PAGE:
Community
Written by MARK JAEGER   
Wednesday, 24 October 2012 16:30

New plan gives officials freedom to back requests for family land divisions

The Town of Saukville Plan Commission is settling into a pattern of reviewing and approving simple land divisions that were previously not allowed.

Prior to last year’s adoption of the 2035 Comprehensive Land Use Plan, officials felt hamstrung when requests were made for divisions of less than 35 acres.


That restriction would have prevented consideration of a pair of family requests recently presented to the town.


This month, the Town Board approved dividing 15 acres from a 55-acre parcel on Highway I owned by Marlene and Donald Tesker. The land division was requested by their grandson, Michael Tesker, who intends to build a home on the site.


The Plan Commission had recommended the land division.


The commission also made a conceptual review of a land division proposed by Margie Goeden-Chapman near the intersection of Shady Lane and St. Finbar’s Road.


Goeden-Chapman told the planning board she hopes to divide a 10-acre parcel at the bend in Shady Lane into two five-acre lots, which will be given to her two daughters in her will. Her son Richard already has a home on a five-acre parcel to the north.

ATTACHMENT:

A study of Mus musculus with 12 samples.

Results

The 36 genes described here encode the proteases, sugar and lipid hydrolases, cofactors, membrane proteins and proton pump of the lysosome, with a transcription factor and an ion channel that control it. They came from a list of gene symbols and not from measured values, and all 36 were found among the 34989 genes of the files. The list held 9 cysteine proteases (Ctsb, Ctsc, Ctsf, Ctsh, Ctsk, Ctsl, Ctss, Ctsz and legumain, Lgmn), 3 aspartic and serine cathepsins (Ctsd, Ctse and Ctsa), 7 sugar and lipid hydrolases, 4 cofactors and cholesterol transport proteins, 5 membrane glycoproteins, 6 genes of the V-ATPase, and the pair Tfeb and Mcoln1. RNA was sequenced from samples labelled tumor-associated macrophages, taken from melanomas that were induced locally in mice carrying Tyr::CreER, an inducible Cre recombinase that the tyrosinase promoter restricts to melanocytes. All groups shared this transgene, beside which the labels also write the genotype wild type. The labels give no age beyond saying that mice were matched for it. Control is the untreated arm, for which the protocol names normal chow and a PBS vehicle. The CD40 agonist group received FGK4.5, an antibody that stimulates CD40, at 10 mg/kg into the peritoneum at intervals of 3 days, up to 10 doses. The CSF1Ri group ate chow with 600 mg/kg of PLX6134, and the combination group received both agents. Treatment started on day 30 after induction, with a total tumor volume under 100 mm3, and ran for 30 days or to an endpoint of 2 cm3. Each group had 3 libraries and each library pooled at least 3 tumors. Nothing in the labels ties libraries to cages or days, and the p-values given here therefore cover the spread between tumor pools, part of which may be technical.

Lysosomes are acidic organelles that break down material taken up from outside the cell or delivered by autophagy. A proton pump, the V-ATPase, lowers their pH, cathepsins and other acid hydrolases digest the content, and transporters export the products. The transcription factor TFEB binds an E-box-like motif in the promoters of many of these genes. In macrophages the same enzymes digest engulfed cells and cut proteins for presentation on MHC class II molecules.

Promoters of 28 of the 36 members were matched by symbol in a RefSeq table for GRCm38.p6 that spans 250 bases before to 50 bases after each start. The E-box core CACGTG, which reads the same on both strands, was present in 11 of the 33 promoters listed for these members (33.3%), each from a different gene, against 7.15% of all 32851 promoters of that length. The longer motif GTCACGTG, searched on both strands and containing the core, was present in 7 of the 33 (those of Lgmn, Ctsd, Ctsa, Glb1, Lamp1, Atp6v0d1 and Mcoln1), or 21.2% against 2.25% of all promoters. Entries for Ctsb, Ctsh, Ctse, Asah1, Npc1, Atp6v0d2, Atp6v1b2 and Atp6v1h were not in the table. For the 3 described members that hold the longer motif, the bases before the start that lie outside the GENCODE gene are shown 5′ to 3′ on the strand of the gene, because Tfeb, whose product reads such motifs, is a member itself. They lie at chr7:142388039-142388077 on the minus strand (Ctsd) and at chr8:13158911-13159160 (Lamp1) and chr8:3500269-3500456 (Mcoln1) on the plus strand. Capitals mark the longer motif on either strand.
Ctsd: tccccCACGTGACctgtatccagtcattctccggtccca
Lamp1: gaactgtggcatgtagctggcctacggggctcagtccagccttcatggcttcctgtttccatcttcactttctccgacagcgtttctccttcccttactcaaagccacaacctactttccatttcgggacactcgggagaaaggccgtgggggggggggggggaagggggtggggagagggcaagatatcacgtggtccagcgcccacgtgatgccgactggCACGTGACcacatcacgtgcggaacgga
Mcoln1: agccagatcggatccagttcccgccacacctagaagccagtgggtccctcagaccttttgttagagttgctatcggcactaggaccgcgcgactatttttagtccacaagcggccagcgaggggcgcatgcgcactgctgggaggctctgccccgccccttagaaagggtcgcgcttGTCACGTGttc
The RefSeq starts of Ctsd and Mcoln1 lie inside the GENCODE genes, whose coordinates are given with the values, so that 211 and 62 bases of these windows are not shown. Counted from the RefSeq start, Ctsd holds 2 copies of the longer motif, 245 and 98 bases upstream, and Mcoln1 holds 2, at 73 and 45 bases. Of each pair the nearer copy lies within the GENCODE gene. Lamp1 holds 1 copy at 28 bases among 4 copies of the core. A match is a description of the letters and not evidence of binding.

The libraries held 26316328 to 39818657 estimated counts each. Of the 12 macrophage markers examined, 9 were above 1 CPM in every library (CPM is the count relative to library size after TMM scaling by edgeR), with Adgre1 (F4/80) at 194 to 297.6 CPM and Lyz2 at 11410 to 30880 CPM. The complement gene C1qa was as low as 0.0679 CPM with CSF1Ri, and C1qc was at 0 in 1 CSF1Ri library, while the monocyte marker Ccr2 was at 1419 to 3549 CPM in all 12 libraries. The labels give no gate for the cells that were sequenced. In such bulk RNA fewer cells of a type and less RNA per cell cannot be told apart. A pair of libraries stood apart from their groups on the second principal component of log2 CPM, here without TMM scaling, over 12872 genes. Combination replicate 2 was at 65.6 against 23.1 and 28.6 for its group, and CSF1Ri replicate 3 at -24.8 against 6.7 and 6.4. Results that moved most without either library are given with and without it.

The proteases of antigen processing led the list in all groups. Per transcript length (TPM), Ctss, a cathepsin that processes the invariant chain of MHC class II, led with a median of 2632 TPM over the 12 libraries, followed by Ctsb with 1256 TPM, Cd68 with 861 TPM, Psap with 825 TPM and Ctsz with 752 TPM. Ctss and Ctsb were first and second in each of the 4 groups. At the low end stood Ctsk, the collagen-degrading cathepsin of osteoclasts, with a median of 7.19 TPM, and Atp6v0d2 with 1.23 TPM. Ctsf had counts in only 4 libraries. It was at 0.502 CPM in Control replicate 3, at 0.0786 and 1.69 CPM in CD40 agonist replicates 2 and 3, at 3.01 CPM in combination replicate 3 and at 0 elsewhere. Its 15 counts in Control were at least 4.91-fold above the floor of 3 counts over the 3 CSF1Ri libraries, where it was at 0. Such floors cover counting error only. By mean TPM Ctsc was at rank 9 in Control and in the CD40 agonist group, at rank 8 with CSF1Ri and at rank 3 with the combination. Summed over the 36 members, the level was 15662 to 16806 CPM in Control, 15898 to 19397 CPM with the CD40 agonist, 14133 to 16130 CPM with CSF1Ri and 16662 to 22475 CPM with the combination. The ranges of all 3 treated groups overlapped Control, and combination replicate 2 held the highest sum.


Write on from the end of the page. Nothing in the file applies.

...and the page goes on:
Goeden-Chapman said the land, which is adjacent to Daly Lake, has been in her family for 112 years and has long been used as a vacation getaway.


“The land has much meaning to our family,” she told the commission.


With the backing of the planning body, Goeden-Chapman was told to return with a certified survey map finalizing the land division.


Town officials said the leeway allowed in the land-use plan has been effective in the preservation of farmland while accommodating smaller development.


“We allowed five-acre lots for decades, but there was a period when we had to live by the 35-acre minimum, which virtually eliminated all growth,” noted commission member Ginnie Pierson.


“We don’t want to go back there, but there was a time when the leadership of this town didn’t want to see anything built here — zero,” echoed Town Chairman Barb Jobs at the October commission meeting.